A few further thoughts on the handmade world, following last week’s Consumed on the DIY thing. The most interesting response came from my friend Wendy, who said that in the course of some research she’d done on luxury consumers, handmade-ness was often something people cited as a marker of luxury.
That makes sense, although of course I hadn’t really thought of it in connection with DIYism. It reminded me of one of my pet theories, though, which has nothing to do with any of this.
I’m not a drinker of elaborate coffees, but I’m often stuck in line behind such people while waiting to order a cup of regular, black coffee. In those moments of boredom, I’ve concluded that forcing some kid to run around fidding with the espresso machines and whipping this or sprinkling on that is actually part of the appeal of the fancy coffee drink: It’s being handmade, right in front of you. I wonder if, say, Starbucks had located its mocha-whatever manufacturing zone out of sight, and you couldn’t watch the stuff being prepared, if it would have the same appeal. Or if you just ordered it and they handed it to you immediately. It wouldn’t be as good, right? It seems better simply because you’ve watched somebody hustle around constructing it.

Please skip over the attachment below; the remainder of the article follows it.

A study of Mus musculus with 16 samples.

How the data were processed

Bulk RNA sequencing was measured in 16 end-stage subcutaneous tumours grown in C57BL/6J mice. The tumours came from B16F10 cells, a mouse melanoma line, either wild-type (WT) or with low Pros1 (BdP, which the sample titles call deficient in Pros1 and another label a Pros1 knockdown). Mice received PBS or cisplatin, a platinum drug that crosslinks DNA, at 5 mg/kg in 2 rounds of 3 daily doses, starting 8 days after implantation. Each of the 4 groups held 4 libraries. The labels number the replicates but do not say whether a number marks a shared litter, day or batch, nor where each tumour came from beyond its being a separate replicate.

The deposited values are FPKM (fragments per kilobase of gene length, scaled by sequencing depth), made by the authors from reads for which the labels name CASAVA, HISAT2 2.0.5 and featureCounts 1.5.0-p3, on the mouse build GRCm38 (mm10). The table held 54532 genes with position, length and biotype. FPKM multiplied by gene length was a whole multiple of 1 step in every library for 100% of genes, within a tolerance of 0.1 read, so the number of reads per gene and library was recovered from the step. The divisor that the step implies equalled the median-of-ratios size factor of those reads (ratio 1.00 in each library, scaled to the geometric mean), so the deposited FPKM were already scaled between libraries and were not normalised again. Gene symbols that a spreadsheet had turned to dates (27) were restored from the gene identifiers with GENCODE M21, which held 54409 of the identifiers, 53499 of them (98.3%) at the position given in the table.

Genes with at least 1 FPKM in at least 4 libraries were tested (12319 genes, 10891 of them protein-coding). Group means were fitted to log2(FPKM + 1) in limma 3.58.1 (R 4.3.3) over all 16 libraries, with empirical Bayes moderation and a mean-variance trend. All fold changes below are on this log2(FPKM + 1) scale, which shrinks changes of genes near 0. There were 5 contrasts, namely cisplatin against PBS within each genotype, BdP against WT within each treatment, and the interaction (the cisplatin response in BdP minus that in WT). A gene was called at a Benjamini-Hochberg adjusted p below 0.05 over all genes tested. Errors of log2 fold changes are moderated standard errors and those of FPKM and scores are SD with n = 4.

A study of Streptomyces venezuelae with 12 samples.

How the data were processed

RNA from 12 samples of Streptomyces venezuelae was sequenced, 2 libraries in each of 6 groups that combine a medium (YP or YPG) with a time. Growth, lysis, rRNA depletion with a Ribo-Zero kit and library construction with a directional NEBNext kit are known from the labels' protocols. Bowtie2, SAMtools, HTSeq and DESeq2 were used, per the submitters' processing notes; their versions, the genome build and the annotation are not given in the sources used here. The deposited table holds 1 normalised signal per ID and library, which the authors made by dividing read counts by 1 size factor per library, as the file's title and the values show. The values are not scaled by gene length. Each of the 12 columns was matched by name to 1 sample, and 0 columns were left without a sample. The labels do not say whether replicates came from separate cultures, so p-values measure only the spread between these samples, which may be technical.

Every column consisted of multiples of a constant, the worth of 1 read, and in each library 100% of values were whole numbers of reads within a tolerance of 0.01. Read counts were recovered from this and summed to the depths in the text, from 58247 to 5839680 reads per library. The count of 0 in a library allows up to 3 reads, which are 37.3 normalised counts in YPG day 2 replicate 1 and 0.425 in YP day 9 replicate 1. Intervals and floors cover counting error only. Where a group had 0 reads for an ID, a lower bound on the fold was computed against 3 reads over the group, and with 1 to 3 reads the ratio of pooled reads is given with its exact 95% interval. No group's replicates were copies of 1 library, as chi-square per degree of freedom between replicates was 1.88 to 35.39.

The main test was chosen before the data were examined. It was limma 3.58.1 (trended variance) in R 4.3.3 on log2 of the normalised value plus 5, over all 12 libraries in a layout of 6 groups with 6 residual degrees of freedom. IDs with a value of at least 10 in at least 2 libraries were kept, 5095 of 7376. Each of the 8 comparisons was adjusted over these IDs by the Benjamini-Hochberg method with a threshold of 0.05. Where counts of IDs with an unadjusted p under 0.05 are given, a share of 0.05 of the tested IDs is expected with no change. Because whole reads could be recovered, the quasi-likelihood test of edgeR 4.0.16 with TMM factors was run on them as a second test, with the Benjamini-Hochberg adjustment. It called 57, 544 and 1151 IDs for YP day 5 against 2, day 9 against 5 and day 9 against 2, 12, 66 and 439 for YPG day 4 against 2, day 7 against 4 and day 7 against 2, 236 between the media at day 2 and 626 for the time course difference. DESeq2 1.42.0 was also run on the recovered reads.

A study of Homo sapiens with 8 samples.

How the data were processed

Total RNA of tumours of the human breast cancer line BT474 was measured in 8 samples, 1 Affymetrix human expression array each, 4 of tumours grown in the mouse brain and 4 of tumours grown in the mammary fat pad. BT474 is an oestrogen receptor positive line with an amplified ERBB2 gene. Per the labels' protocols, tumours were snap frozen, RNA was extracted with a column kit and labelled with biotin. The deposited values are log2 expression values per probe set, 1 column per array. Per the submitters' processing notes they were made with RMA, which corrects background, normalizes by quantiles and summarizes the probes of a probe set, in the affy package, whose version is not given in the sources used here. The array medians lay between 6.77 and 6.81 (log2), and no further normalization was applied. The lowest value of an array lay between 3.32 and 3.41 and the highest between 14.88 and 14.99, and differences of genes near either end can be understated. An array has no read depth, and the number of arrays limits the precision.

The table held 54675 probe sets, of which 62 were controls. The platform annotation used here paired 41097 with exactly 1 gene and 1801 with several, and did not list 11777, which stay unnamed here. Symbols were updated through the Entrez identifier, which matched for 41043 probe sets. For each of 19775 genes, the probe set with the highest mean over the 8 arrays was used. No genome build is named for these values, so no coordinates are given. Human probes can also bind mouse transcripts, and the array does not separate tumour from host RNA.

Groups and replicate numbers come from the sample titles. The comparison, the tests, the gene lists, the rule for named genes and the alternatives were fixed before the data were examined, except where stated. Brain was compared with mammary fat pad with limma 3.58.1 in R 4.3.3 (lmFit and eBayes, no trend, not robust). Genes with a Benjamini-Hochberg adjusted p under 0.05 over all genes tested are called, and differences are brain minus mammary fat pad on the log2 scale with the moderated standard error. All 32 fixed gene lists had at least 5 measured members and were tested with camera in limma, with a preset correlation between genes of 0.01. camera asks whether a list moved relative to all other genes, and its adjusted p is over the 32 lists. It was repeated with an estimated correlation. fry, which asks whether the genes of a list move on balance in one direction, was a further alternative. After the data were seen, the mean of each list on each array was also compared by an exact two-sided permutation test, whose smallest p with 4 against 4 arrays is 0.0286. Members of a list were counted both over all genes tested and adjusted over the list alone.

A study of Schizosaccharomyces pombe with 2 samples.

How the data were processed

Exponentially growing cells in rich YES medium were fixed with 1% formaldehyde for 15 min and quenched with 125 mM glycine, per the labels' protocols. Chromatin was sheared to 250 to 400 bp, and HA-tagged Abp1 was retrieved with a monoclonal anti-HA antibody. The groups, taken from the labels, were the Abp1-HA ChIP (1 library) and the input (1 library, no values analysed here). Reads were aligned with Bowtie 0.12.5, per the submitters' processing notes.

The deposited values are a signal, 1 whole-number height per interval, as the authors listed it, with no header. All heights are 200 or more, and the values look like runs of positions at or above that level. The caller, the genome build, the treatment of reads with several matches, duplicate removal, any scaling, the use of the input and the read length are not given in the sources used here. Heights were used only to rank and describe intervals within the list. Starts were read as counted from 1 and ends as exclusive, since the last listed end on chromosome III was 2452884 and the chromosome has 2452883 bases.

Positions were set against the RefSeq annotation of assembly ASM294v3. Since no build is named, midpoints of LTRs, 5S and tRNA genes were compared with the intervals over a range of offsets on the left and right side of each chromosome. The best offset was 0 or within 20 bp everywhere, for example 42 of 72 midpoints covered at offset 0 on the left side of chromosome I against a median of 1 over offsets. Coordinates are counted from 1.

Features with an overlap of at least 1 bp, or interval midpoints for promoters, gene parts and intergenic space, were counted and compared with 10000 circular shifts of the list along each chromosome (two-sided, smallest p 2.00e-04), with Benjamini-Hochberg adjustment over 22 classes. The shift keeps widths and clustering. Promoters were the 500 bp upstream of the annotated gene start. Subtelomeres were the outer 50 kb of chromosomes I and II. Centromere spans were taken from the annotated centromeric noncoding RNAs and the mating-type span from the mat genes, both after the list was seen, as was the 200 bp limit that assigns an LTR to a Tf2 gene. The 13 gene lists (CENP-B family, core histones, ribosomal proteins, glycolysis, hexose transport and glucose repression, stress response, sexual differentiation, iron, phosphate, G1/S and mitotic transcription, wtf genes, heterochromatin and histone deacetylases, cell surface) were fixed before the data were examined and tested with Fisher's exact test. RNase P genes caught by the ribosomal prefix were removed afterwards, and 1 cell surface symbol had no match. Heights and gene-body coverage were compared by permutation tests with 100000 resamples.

Just a thought.
In the blog world, other reactions to that column included a post on Vertical Weblog offering some Devil’s advocate thoughts on the hipness factor of crafting; general crafter support; the small business angle; and a DaddyTypes post suggesting that perhaps the DIY “revolution” is led not by women, but by parents. On the other hand, maybe this column was another example of my “Productivist Bias.”